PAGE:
An intellectual disability is a significant limitation in a student’s cognitive functioning and daily adaptive behaviours (Schalock & Luckasson, 2004; American Association on Mental Retardation, 2002). The student may have limited language or impaired speech and may not perform well academically.
Compared to students with learning disabilities, students with intellectual disabilities have impairments to learning that are broader and more significant:
• They score poorly on standardised tests of intelligence.
• Everyday tasks that most people take for granted, like getting dressed or eating a meal may be possible, but they may also take more time and effort than usual.
• Health and safety can sometimes be a concern, e.g. knowing whether it is safe to cross a street.
• For older individuals, finding and keeping a job may require help from supportive others.
The exact combination of challenges varies from one person to another, but it always (by definition) involves limitations in both intellectual and daily functioning.
There are many terms used to describe students with intellectual disabilities. If the disability is mild, teachers sometimes refer to a student with the disability simply as a slow learner, particularly if the student has no formal, special supports for the disability, e.g. a teaching assistant. If the disability is more marked, then the student is more likely to be referred to either as having an intellectual disability or as having mental retardation.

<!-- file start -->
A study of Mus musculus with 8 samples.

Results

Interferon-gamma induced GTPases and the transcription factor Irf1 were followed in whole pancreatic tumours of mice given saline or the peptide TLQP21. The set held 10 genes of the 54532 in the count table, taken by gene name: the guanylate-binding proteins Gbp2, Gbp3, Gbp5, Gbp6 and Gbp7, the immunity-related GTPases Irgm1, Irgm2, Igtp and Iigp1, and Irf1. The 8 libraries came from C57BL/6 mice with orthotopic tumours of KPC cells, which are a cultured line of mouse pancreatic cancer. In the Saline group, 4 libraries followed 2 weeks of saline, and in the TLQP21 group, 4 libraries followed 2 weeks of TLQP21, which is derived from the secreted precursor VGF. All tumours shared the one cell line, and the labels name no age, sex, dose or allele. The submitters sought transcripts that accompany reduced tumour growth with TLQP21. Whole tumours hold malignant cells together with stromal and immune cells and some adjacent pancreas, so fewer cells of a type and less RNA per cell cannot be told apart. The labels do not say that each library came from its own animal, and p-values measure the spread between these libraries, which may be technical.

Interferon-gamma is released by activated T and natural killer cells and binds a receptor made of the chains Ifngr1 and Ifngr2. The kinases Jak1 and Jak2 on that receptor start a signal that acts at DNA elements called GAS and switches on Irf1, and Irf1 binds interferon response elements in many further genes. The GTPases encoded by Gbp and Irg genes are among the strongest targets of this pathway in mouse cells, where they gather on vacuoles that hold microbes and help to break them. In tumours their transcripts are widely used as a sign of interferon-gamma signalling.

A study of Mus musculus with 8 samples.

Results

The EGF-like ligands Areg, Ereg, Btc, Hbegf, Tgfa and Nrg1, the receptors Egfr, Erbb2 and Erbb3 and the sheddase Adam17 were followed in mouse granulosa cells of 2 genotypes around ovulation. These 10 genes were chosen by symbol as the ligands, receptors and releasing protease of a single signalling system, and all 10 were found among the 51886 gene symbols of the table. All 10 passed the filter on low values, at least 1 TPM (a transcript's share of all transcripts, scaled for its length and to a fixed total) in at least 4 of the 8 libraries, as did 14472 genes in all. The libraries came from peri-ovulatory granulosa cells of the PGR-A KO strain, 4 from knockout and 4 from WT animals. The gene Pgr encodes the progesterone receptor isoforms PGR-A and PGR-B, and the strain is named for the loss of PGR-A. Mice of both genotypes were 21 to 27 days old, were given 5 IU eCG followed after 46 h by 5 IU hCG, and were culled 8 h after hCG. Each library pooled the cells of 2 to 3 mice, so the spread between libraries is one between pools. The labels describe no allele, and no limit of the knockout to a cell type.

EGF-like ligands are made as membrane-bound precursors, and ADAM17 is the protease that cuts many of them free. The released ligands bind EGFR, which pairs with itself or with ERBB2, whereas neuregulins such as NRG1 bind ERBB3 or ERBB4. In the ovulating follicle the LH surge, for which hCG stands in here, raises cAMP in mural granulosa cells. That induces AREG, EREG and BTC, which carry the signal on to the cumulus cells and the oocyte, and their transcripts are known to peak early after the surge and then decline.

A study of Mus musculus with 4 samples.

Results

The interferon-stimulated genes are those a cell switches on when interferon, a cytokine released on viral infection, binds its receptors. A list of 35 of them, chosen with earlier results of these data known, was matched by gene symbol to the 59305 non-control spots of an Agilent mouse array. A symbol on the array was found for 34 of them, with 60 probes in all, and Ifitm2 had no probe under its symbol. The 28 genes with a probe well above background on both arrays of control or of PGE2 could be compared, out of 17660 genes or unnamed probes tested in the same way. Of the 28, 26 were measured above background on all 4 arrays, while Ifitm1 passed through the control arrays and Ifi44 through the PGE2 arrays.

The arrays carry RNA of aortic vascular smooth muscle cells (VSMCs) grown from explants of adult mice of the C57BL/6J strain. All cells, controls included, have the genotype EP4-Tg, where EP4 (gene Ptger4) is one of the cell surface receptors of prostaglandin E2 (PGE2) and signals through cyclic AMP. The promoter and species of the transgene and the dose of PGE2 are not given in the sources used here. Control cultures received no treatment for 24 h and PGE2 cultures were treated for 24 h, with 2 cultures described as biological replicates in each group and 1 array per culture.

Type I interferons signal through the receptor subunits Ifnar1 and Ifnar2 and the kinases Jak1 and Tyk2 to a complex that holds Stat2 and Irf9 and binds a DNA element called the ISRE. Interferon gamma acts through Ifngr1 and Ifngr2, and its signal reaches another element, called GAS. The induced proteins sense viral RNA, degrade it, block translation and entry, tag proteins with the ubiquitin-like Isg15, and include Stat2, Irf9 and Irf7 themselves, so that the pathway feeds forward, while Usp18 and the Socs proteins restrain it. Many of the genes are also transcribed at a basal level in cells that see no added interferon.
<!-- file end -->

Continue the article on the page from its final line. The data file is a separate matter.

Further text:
In this course the term intellectual disability is used, because it has fewer negative connotations while still describing one key educational aspect of the disability, cognitive impairment.
Levels of support for individuals with intellectual disabilities
Intellectual disabilities happen in different degrees or amounts, though most often are relatively mild. Traditionally the intensity or ‘amount’ of the disability was defined by scores on a standardised test of scholastic aptitude (or ‘IQ test’), with lower scores indicating more severe disability.
Due to the insensitivity of such tests to individuals’ daily social functioning, however, current trends are toward defining intensities by the amount of support needed by the individual. Levels of support range from intermittent (just occasional or ‘as needed’ for specific activities) to pervasive (continuous in all realms of living).
The intellectual disabilities that a classroom teacher is most likely to see are the ones requiring the least support in the classroom. A student requiring only intermittent support may require special help with some learning activities or classroom routines, but not others.
A student might need help with reading or putting on winter clothes but primarily on occasions when there is pressure to do these things relatively quickly.
Students requiring somewhat more support are likely to spend less time in the mainstream classroom and more time receiving special help from other professionals, e.g. a special education teacher or a speech and language specialist. These circumstances have distinct implications for ways of teaching these students.